Gazing out over the placid water of the Columbia River on a quiet day at Celilo State Park offers no hint of what sleeps beneath.
Not quite six decades ago, before the backwaters of The Dalles Dam covered it up, a visitor would find the river roaring with a torrent of water bashing its way through the jagged basalt chasms forged by fiery prehistoric lava flows. Native peoples, gathering in hordes, would net the rich bounty of salmon fighting their way upriver through and over the rugged channels to their spawning grounds.
Today that scene lives only in the memories of the people who fished the raging waters of Celilo Falls and the people who came to watch them.
But the Confluence Project is working to change that and plans to see an art installation cantilevered at the river’s edge, inspired by the fishing planks used at Celilo falls before it was submerged in 1957. The work was designed by renowned artist Maya Lin and is due for completion in fall 2016. It will be one of six sites along the river that are intended to create a “catalyst for discovery.”
Four are already completed: Cape Disappointment in Ilwaco, Wash.; Fort Vancouver in Vancouver, Wash.; the Sandy River Delta in Troutdale; and Sacajawea State Park in Pasco, Wash. Along with Celilo, Chief Timothy Park in Clarkston, Wash., is still in the works.
“If you think about all six sites as a work of art, this is the keystone that holds them up,” said Colin Fogarty, the new Confluence Project executive director, at Celilo Park in late May. He joined the project at the first of the year, taking over the role formerly held by Jane Jacobsen.
The Confluence Project has created these places as “’teachable places,’ transformed and reimagined to explore the confluence of history, culture and ecology in our region,” www.confluenceproject.org explains. “Each work references a passage from the Lewis and Clark journals as a snapshot in time, while comparing it with the deeper story.”
The aim is to spark “moments of insight.”
“The point is to tell the story of the Columbia River and its people,” Fogarty said.
The art piece will not be a memorial, Fogarty is quick to note.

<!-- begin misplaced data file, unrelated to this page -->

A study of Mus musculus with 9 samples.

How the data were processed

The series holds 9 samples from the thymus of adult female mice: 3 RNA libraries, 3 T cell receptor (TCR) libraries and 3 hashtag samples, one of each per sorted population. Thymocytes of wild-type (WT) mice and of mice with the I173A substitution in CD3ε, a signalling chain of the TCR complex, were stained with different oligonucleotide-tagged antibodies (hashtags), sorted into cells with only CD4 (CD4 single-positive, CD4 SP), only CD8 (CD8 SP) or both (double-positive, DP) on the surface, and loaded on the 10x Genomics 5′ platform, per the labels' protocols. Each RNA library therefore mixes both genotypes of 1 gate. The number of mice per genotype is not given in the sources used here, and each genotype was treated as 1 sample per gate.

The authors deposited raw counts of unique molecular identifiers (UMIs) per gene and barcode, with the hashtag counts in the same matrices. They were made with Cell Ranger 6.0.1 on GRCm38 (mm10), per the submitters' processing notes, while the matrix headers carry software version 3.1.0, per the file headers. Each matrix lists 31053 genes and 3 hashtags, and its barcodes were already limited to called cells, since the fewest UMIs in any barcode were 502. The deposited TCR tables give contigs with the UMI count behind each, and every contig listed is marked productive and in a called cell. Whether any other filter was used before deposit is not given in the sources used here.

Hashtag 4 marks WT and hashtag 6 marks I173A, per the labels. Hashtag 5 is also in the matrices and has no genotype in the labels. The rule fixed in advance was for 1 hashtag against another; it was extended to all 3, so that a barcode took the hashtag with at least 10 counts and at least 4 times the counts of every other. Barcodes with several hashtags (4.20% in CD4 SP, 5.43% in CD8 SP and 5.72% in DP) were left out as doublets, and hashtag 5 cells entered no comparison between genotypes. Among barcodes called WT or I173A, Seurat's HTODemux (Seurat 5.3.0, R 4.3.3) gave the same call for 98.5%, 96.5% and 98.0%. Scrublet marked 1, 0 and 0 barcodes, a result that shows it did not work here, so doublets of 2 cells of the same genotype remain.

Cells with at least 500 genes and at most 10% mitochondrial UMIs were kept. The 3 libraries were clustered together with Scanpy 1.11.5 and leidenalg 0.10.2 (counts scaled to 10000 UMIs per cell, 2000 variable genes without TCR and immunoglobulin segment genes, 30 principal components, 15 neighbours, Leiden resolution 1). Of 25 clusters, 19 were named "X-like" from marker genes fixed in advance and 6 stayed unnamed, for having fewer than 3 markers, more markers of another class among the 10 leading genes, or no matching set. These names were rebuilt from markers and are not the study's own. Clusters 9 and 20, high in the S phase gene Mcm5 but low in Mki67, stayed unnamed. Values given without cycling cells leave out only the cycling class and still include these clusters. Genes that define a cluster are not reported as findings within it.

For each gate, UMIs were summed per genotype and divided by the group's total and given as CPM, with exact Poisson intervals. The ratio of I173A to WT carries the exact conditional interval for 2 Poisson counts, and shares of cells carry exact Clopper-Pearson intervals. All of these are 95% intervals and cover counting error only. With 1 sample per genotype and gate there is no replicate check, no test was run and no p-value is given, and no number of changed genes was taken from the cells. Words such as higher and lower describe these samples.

“It’s as much about the people who live here now and will in the future, as it is about the past,” he said, later adding, “The idea is to tell a more inclusive history in order to create a more thoughtful future.”
Fogarty is working to complete the necessary funding for the Celilo project. The Confluence Project has seen some recent success in that regard. Last year, the Oregon Legislature allocated $1.5 million to the Celilo arc project. Since December, the Ford Family Foundation and the Collins Foundation have granted the project $250,000 each. Its most recent grant, $150,000 from the Oregon Community Foundation, announced in May, is contingent on the organization raising an equal amount from other sources.
Making sure the Confluence Project remains vital and relevant in the future will be the continuing goal of its supporters once the final artworks are in place. Work on that transition has already begun.
The Confluence Project effort was ignited during the 2005 bicentennial of the Lewis and Clark Corps of Discovery trek in search of an inland passage to the Pacific Ocean.
Throughout most of its existence, the Confluence Project has had an educational component, Gifts from Our Ancestors,” that connects native artists and storytellers of today with school-age young people in the areas it serves. It also helps organize school field trips.
How the Confluence sites will be used in the future Fogarty doesn’t know, but he said the sites will aim to provide deeper meaning and understanding.
“This will not be a Disneyland tourist destination,” he said.
Artist Maya Lin’s involvement in the Confluence Project came about as a result of invitations from two different fronts. Jane Jacobsen was working with a large group of people in Vancouver on a vision that would eventually become the Confluence Project. At the same time, Antone Minthorne, a leader of the Umatilla Tribe and a Vietnam veteran, wanted to see a monument to the tribes. Lin’s solemn and understated Vietnam Veterans Memorial in Washington, D.C., draws veterans and their families from around the nation. Both Minthorne and Jacobsen thought her work would create the kind of drawing point they were looking for.
“All of the elders of the tribes are veterans,” Fogarty noted.
Lin only agreed to lend her creativity to the project once she understood it had tribal support, Fogarty said.
That tribal support will continue to be vital to the Confluence Project.
“We’re never done with that,” Fogarty said. “We will never take that for granted.” He hopes to create a committee of advisors representing all four of the treaty tribes.
Community support for the projects has also been strong, he said. Leaders of nearby population centers, including Columbia Gorge towns, hope the installations will spur more tourism in the area, boosting the local economies.
Fogarty will be presiding over the home stretch of the Confluence Project’s building phase, and the fundraising that goes with it.
“We’re in the midst of raising $38 million total over 12 years and we only have a little bit to go,” he said. “We’re still going to have to work hard and make our case — and make our case where we are. A lot of people still don’t know what the Confluence Project is. We think the more people learn about the project, the more excited they will get.
“I’m shocked at how many people don’t know the story of Celilo Falls who live in Oregon. There’s a disconnect from this story that is so critical to not only our history, but our future.”